Annette John-Hall: Vigilante justice not the right way
My first thought was, "Thank you, Kensington, for ensuring that the guy never rapes little girls again." Never mind if he hasn't been charged or convicted. Beaten by an angry mob? Didn't bother me.
My first thought was, "Thank you, Kensington, for ensuring that the guy never rapes little girls again."
Never mind if he hasn't been charged or convicted. Beaten by an angry mob? Didn't bother me.
Yeah, I said it. As a mother of two daughters, I believed it with every fiber of my being.
After all, this was a guy suspected of repeatedly raping an 11-year-old girl Monday on her way to school, an attack so vicious that the fifth grader required surgery.
Jose Carrasquillo, 26, isn't exactly an Eagle Scout. He's an unemployed addict on probation for drug charges. Oh, and did I mention that he was once charged with attempted rape (the charges were dropped), and that police are investigating whether he was involved in other assaults?
The Fraternal Order of Police stands ready to give a $10,000 reward to the two teens who initially cornered Carrasquillo. And Mayor Nutter and Police Commissioner Charles H. Ramsey were tepid in their condemnation of the well-intentioned vigilantes, probably figuring a little self-policing beats the "stop-snitching" culture they often face.
"The people took it to heart," Ramsey said, coming this close to congratulating the neighborhood's actions but issuing his perfunctory warning against vigilante justice. "It says a lot about the community."
Carrasquillo is sure to get a whole lot more than a kick in jail - that is, if he's the guy who did it.
If he's the guy. And here's where we all have to step back and take a deep breath.
At the time of the beating, Carrasquillo, who was released from the hospital yesterday, hadn't been charged, only identified as the nebulous "person of interest" by police. As of this writing, he was still being questioned but hadn't been charged.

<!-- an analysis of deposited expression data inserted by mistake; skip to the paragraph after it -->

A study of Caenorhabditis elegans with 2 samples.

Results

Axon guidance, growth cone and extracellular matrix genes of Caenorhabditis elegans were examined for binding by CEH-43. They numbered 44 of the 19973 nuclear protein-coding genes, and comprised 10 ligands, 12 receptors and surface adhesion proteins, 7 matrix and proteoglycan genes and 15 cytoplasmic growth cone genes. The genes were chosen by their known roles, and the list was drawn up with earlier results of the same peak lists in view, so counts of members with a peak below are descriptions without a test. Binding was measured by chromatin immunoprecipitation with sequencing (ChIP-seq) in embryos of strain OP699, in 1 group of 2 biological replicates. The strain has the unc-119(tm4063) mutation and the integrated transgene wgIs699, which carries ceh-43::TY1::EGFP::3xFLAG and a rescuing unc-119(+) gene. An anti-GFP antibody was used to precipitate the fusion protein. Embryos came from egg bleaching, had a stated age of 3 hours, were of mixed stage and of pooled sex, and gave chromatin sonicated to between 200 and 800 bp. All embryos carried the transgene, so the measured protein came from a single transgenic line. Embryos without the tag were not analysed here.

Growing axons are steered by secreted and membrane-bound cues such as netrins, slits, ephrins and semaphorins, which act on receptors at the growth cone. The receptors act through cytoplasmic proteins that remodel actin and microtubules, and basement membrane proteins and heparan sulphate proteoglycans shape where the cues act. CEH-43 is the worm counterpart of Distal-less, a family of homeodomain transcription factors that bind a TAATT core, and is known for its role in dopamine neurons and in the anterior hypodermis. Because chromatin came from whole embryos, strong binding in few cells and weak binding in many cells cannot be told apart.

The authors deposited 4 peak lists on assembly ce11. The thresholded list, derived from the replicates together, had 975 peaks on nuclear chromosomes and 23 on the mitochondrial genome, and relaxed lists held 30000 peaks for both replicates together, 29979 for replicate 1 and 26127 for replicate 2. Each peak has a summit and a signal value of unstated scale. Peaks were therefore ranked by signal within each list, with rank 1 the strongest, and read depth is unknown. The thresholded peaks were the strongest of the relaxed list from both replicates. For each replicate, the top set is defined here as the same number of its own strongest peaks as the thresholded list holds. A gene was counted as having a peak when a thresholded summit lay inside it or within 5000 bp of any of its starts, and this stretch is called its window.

So, if you really believe in justice, that if looms mighty big. And should give us all pause.
Is justice truly served by adopting a mob mentality and taking matters into your own hands?
The danger of mobs - which are usually not well-intentioned - is that they play by their own rules.
There's a reason lynching is banned. As is torture - supposedly. And police brutality.
And, yes, street justice.
Would we feel the same if it were Latinos pummeling a white suspect or a white mob beating up a black suspect?
Or the police beating up anybody?
I'm guessing Ramsey is breathing a sigh of relief, knowing that one of his own wasn't involved this time. The commissioner said this week that no charges would be filed against the neighbors - for him, an easy call.
Fact is, we have laws and systems in place to mete out justice. True, sometimes those systems don't always work fairly. But even then, we can't break laws in an effort to enforce them.
It's a slippery slope we dare not slide down.
On the streets of Kensington, Cheron Mickie is still not sure. While the 20-year-old mother of a young son understands "as a parent" the outrage people could feel over the rape of a child, "it's kind of crazy what they did," she says of her neighbors.
"They could have handled it better," Mickie says. "If it was me, I would have found another way for him to stay put. . . . What if they would have killed that man? That would have been a bigger issue."
As in, what if Carrasquillo would have died?
For Luis Cardona, 45, stepfather to two daughters, "what they did was right. He was lucky I wasn't out here because I would have done the same."
Understandably, judging from the varied opinions in the neighborhood, there's a fine line between what's right and what's wrong.
Especially when it involves a crime as heinous as the rape of a child.
And no matter how much we're tempted to look at Jose Carrasquillo and say, "Good for you," the kind of street justice he endured is never good for us.
No matter how deserving we think it is.